To Beard or Not To Beard: That Is the Question


A gentleman by the name of Maynard Good Stoddard wrote an article for The Saturday Evening Post many moons ago which my brother, for some reason, sent my way. It is entitled “To Beard or Not To Beard.”

Mr. Stoddard said that one day he finally figured out why he had been pushed around at home for so many years. It was, he had discovered, because his chin lacked authority. He mentioned that he felt no need for one of those “Jay Leno jobs.” But he felt a definite need for something a bit more along that very distinctive line. It evidently occurred to him that though chin augmentation through plastic surgery might be pricey, whiskers are more or less free. And they do indeed change the character of a chin (and maybe even the chin of a character). A research project on beards was soon underway.

First, Stoddard polled his wife. She said she’d rather “embrace a camel’s hair pillow than a face full of whiskers,” a feeling evidently shared by a Mrs. Abner Billings (now a former Mrs. Billings) whose husband divorced her because she kept spraying his beard down with disinfectant which got into his eyes. The divorce court judge suggested “mowing the hay,” but Mr. Billings countered that the beard was more of a comfort to him than was Mrs. Billings.

According to Stoddard, “Beards have been causing domestic wars ever since wives discovered that whiskers could be mowed, shaven, or set on fire.”

And Stoddard discovered a good deal more in his research.

It was Alexander the Great who first “shot down the beard,” ordering his soldiers to shave lest their manly chins provide the enemy with convenient handholds.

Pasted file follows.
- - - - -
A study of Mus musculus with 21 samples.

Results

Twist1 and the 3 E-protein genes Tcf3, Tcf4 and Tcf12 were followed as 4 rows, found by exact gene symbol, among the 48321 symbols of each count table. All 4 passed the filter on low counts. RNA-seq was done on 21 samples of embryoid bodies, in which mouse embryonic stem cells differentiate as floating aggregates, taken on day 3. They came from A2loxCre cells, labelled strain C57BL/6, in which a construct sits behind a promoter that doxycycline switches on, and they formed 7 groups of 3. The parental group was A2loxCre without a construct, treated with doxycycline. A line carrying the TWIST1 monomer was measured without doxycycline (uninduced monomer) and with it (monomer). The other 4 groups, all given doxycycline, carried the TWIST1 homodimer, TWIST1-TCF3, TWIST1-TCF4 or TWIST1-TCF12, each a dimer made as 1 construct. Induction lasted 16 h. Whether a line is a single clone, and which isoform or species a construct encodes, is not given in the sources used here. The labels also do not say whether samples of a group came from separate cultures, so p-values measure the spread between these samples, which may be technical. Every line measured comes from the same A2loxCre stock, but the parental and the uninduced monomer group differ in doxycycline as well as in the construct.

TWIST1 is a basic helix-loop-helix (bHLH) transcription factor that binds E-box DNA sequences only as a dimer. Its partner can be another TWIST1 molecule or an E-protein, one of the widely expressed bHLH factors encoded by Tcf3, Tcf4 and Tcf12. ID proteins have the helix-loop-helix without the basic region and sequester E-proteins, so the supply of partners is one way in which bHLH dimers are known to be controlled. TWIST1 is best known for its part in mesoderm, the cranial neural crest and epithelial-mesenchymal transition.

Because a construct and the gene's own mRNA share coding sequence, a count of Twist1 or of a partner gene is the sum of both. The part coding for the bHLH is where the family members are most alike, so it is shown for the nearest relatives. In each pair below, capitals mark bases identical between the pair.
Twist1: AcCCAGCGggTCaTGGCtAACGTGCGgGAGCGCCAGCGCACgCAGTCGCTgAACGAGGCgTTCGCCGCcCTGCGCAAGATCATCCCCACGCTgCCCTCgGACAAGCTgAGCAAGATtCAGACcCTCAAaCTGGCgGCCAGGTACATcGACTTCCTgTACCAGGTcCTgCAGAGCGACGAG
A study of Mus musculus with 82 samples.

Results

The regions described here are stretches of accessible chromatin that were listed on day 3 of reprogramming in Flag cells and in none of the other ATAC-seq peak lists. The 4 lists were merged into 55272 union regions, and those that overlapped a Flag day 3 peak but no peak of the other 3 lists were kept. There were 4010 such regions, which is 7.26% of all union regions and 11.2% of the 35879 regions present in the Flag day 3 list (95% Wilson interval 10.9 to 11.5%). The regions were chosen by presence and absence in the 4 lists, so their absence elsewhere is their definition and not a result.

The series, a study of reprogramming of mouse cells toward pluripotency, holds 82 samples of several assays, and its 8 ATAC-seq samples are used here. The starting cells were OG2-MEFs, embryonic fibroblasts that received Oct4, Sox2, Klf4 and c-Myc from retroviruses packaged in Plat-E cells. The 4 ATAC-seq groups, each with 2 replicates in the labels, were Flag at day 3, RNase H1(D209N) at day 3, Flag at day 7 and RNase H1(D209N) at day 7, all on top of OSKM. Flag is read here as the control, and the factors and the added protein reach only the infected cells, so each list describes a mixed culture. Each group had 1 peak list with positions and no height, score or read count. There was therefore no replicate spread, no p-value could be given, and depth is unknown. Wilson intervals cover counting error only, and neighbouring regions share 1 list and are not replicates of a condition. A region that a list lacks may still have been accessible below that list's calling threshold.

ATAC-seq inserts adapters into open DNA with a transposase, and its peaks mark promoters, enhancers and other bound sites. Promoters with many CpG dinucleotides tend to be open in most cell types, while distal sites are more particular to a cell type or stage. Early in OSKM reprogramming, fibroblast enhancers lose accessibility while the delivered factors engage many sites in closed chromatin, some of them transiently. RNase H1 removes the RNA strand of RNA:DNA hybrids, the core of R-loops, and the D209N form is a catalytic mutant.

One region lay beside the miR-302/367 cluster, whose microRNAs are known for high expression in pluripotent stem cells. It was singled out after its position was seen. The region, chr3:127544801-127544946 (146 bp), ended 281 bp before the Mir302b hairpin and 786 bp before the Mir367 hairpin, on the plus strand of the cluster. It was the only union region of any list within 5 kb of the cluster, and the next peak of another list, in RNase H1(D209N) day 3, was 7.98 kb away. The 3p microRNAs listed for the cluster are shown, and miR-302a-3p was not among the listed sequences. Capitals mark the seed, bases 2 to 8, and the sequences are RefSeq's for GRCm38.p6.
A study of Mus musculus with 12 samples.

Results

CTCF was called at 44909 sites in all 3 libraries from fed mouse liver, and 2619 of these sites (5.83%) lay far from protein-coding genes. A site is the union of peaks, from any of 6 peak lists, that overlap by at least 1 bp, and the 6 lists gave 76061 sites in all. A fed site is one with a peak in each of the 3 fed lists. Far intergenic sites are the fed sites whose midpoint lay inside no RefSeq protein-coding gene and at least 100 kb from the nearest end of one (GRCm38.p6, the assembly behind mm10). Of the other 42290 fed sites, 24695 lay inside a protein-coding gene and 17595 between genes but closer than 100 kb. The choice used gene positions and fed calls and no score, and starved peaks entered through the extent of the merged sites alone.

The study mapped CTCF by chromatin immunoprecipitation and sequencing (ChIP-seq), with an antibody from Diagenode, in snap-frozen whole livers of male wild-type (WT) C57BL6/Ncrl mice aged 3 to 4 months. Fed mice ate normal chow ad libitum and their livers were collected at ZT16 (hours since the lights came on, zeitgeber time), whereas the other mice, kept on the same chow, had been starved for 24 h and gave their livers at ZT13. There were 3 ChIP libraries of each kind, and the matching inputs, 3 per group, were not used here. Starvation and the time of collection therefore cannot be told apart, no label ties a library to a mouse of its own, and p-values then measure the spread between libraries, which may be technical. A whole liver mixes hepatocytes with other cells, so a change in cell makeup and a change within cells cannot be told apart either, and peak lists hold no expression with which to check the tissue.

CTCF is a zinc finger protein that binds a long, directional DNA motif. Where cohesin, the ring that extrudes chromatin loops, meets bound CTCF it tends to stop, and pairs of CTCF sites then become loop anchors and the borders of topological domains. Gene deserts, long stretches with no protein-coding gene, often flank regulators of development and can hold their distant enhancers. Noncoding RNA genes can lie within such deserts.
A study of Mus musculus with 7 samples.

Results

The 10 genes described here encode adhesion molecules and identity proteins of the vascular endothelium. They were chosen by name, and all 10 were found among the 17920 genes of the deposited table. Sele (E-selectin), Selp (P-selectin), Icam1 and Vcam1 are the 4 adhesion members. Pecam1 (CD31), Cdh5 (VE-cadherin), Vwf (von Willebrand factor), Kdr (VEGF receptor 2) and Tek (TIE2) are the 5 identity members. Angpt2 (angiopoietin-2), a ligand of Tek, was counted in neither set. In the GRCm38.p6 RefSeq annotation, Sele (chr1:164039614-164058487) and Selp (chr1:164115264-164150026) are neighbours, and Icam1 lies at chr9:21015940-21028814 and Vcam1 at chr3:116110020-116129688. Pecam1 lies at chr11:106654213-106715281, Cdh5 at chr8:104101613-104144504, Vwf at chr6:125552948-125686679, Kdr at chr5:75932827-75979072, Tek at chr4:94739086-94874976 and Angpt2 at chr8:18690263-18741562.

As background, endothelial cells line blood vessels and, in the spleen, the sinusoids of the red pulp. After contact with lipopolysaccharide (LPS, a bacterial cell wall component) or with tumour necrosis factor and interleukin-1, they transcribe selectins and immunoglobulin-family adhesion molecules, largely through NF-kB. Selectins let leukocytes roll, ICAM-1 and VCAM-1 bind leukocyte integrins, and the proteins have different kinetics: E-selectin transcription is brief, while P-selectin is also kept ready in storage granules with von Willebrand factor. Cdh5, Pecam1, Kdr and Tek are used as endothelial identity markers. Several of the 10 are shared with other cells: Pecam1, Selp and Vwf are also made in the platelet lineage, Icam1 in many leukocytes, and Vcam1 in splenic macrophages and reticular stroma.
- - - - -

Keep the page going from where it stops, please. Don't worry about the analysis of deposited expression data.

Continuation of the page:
A case could be made that by shaving his beard Louis VIII of France started a war with England that lasted 300 years. The beard-trimming was objected to by his wife, the famous Eleanor of Aquitaine. After their divorce, she married Henry II of England who had a beard he could “tuck into his belt on windy days.”

During the reign of Henry I, Serle the bishop, termed the bearded gents of the Norman English court “filthy goats and bristly Saracens.”

According to Stoddard’s research, Peter the Great levied a tax (“a sir-tax”?) on Russian beards. King Charles swept the points of his moustache upward and sported a beard shaped like a downward flame. Edward II’s beard was long and patriarchal. Henry VIII’s was knotted. The Roman Emperor Hadrian grew one to cover his warts.

Beards. I’m pretty sure that God, unlike most wives, is neutral on the subject. What comes out of our hearts is far more important to him than what graces or disgraces, as the case may be, our chins.

Copyright 2012 by Curtis K. Shelburne. Permission to copy without altering text or for monetary gain is hereby granted subject to inclusion of this copyright notice.